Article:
British productivity fell sharply during the 2008 crisis and has barely recovered since then. At the end of 2014, it was still two percentage points lower than in early 2008, and 15 points below the level it would have reached if it had followed its pre-crisis trend growth rate. The UK's persistently low productivity is noteworthy, both from a historical perspective and in comparison to the patterns seen in the other developed countries.
The changing structure of the British economy, with the contraction of employment in the financial sector, one of the most productive ones, explains only a very small part of the productivity shock. Productivity weakened across all sectors of the economy. Similarly, labour hoarding and the increase in part-time and full-time employment do not provide an answer to the productivity puzzle.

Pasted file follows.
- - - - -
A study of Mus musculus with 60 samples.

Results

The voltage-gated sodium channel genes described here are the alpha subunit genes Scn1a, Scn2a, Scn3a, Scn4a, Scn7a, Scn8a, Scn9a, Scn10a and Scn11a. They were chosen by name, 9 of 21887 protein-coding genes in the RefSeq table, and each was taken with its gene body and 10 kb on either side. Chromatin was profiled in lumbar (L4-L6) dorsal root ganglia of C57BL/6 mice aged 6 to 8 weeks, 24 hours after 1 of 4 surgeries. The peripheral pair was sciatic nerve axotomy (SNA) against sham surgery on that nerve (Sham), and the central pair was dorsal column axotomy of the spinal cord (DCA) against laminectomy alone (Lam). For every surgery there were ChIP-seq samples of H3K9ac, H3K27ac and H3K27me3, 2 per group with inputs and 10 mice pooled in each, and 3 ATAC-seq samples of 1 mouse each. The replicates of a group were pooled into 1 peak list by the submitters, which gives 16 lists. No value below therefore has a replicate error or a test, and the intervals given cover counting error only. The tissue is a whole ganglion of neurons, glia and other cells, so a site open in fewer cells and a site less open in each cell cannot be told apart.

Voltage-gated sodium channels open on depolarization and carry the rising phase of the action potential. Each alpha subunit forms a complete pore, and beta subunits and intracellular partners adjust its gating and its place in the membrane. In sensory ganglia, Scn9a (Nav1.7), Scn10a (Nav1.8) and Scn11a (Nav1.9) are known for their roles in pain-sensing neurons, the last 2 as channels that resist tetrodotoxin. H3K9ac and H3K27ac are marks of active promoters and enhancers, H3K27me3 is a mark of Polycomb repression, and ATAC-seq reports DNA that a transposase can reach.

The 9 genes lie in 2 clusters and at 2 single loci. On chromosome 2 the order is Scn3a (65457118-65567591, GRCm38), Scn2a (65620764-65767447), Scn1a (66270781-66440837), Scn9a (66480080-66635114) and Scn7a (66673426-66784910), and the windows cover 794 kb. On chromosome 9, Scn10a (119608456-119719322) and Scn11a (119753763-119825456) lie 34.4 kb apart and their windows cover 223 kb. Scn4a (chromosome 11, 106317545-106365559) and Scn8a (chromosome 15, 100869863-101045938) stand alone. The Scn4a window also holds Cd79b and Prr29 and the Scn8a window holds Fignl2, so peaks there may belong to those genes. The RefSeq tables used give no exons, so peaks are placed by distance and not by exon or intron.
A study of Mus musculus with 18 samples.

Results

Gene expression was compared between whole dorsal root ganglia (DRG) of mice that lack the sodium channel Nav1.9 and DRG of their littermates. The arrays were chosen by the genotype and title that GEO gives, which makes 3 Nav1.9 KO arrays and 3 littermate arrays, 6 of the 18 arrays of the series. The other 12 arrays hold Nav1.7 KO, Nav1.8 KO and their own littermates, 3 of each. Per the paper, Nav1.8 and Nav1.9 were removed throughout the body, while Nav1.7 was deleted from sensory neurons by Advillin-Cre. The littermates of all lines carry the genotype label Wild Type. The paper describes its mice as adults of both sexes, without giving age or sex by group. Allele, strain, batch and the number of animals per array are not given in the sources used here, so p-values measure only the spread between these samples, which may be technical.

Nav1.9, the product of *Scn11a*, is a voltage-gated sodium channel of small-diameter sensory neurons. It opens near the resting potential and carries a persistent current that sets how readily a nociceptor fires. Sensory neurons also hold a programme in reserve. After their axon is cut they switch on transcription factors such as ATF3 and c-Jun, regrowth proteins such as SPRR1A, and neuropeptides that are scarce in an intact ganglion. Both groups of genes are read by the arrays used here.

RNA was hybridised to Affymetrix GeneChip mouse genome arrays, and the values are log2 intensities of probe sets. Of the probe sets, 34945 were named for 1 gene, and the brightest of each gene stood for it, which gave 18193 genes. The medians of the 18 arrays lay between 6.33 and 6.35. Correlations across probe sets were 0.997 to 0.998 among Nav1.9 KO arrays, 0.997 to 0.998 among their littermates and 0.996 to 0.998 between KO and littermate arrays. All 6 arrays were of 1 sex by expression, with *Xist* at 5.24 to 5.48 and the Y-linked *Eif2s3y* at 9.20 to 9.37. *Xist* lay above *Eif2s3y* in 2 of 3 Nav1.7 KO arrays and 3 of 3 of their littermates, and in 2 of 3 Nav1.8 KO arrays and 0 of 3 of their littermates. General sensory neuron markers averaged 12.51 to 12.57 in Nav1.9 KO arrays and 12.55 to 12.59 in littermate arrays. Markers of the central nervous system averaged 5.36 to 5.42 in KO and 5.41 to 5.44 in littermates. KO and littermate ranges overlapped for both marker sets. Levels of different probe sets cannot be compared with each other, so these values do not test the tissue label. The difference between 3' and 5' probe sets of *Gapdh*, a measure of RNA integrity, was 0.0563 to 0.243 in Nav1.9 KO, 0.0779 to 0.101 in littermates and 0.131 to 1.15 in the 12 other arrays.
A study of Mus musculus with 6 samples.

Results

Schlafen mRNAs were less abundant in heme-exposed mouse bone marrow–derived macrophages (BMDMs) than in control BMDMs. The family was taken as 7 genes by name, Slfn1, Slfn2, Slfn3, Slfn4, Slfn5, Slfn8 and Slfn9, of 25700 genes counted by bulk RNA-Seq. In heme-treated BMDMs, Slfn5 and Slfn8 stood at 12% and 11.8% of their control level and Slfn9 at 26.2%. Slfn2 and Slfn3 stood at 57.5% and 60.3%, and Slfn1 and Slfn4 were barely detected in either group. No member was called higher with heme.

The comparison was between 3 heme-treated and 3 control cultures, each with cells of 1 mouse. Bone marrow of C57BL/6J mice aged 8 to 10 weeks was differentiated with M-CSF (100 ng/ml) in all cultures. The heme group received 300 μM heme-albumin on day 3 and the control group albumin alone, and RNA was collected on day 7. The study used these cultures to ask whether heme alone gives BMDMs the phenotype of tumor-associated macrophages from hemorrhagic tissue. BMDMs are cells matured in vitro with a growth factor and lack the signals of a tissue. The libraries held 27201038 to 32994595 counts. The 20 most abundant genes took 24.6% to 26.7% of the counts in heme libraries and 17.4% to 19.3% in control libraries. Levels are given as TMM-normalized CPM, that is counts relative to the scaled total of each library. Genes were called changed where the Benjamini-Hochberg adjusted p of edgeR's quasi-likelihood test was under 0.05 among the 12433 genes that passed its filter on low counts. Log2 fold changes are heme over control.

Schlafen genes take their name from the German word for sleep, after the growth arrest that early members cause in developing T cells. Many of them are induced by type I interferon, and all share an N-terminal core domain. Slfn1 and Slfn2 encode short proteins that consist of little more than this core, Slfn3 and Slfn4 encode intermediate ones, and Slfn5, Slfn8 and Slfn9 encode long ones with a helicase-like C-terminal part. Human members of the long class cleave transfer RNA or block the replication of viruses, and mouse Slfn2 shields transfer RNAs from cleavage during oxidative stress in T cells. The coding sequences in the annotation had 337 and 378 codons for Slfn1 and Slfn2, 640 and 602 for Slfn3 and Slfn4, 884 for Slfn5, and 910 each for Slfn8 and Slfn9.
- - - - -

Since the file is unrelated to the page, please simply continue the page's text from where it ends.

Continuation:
Productivity was negatively affected by the higher labour force participation rate of certain groups with lower-than-average productivity, and by the increased capacity of the labour market to absorb them. This concerns older workers in particular, as early retirement packages became less generous and the crisis eroded the value of their retirement savings. It also applies to foreign workers.
Structural drivers of weaker long-term productivity included the lack of investment, impaired capital allocation and the slower pace of technological progress.
The answer to the productivity puzzle is a decisive factor for the policy mix. The productivity growth rate is an important consideration for the Bank of England's forward guidance strategy and for setting fiscal policy.